France: US, UK back Mali intervention

Armed men patrol the streets of a city in northern Mali. (File photo)

France’s foreign minister says the US and Britain are providing support for the French-led military intervention in Mali amid clashes in the West African country.

Laurent Fabius made the announcement on Sunday, saying “We have the support of the Americans for communications and transport.”

The minister added that Britain, Denmark, and other European nations are also supporting the French-led military intervention in the country.

The announcement comes a day after that Washington offered to send drones to Mali as it has already declared its backing of moves against rebels in the African nation.

US commanders were further considering other options such as “providing intelligence and aerial refueling tankers” as well as “logistical backup and boosting intelligence sharing” involving its surveillance drones, AFP reported, quoting an unnamed US official that spoke on condition of anonymity.

British Prime Minister David Cameron has also approved to deploy aircraft to help transport troopers.

Earlier in the day, French jets and combat helicopters targeted the northern city of Gao, which had been controlled by the rebels.

The French Defense Ministry said in a statement that “French fighter jets have identified and destroyed this Sunday, Jan. 13, numerous targets in northern Mali near Gao, in particular training camps, infrastructure, and logistical depots” that served as bases for rebels.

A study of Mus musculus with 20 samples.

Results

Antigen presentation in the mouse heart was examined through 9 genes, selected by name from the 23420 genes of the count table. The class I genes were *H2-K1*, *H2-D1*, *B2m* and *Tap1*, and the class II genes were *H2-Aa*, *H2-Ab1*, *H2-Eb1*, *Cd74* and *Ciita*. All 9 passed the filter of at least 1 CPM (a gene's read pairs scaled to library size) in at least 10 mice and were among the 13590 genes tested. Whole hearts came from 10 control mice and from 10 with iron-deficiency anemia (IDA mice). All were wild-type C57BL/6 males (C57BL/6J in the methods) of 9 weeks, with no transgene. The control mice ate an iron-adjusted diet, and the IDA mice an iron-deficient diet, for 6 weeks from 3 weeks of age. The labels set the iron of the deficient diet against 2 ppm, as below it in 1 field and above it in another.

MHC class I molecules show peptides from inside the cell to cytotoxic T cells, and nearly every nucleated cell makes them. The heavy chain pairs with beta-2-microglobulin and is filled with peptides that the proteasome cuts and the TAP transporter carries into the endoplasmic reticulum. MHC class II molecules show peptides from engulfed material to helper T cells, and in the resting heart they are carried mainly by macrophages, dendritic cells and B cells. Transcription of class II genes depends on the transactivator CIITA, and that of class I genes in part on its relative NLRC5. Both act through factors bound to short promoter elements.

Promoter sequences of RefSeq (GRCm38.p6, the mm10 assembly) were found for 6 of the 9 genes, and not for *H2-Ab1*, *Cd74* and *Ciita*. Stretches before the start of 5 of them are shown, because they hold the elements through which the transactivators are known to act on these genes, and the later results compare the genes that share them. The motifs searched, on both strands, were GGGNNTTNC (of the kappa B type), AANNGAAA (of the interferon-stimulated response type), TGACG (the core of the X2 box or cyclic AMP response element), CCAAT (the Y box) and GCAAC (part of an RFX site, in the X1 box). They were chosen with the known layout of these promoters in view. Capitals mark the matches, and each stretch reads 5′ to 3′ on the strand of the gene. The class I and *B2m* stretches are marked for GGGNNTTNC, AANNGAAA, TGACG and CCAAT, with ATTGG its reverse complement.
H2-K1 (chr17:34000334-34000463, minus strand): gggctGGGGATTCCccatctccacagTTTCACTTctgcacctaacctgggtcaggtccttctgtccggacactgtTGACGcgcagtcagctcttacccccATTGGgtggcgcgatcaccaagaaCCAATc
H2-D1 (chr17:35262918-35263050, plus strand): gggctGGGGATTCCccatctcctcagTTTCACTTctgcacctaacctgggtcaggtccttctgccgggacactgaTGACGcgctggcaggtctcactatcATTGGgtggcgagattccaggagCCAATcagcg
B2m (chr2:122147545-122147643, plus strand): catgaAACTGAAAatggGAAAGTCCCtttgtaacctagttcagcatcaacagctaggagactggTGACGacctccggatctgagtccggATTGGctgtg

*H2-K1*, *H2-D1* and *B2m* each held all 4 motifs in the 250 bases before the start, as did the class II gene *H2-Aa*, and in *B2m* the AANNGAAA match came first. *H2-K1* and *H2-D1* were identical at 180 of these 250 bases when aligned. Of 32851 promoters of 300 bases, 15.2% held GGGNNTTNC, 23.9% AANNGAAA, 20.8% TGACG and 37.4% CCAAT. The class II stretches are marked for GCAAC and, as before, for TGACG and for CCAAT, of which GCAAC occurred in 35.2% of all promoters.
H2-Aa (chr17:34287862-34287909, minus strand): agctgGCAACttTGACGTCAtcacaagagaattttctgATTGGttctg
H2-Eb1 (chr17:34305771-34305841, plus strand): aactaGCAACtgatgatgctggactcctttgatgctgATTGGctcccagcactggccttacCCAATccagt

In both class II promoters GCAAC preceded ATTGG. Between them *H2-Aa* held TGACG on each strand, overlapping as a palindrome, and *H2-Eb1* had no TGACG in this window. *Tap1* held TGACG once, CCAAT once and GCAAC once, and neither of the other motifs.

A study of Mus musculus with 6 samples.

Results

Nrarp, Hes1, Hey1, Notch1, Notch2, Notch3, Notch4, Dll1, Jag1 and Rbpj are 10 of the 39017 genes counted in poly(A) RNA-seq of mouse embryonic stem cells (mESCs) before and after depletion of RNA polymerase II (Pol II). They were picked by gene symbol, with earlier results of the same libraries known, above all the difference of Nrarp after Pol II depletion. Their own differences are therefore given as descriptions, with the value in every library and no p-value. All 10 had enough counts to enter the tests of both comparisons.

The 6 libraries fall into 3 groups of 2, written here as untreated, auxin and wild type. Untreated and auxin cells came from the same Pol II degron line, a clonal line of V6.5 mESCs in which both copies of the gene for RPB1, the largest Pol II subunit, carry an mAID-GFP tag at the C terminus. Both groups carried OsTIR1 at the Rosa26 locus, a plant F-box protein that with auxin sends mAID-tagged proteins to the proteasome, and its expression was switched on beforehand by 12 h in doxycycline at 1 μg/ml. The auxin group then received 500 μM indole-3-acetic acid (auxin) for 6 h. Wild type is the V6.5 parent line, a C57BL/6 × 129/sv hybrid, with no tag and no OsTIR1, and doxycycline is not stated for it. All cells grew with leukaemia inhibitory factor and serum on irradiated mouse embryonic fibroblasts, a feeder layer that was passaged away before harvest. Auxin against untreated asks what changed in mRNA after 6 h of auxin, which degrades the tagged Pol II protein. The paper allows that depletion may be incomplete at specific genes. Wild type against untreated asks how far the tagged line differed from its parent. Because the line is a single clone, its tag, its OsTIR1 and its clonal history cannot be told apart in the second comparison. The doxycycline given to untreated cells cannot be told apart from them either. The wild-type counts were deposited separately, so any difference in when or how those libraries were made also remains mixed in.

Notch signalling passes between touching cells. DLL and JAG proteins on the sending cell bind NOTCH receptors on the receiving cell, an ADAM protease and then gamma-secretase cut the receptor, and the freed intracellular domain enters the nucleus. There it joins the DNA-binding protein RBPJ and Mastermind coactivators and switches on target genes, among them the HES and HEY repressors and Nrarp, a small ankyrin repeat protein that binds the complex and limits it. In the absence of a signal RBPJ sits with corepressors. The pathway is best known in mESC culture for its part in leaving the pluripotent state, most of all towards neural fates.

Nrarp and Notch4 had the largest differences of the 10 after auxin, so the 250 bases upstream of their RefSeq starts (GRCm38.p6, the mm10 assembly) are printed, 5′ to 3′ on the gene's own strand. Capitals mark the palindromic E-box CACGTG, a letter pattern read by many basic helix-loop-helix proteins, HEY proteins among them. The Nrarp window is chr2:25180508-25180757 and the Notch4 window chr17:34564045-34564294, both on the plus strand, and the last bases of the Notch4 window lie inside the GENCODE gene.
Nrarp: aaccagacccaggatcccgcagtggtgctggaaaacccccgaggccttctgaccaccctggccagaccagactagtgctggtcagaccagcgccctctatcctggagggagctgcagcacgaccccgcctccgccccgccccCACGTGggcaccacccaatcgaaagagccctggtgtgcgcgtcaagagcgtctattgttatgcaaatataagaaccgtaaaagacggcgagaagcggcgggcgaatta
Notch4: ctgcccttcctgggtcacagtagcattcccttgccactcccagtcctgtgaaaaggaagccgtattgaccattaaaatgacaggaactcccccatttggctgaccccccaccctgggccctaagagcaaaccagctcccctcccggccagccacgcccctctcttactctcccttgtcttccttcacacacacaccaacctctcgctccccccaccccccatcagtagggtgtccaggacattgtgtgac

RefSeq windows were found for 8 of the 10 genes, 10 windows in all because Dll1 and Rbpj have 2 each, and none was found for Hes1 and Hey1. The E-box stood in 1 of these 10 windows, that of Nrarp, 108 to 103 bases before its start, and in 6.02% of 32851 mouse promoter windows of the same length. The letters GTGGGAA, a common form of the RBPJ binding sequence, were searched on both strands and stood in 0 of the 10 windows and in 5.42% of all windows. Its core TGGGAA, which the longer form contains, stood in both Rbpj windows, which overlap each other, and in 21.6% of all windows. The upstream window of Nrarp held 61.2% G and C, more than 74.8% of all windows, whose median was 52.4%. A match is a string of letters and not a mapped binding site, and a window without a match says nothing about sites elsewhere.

According to the residents of Gao, its airport was among the targets of the airstrikes.

This comes three days after France took military action in Mali to halt advances made by the rebels, who control the north of the West African country.

On Friday, the Malian Army said it has driven back militants from the town of Konna after France intervened with airstrikes to halt advances by fighters.

Unrest erupted in Mali after President Amadou Toumani Toure was toppled in a military coup on March 22, 2012. The coup leaders said they had mounted the coup in response to the government’s failure to contain the Tuareg rebellion in the north of the country, which had been going on for two months.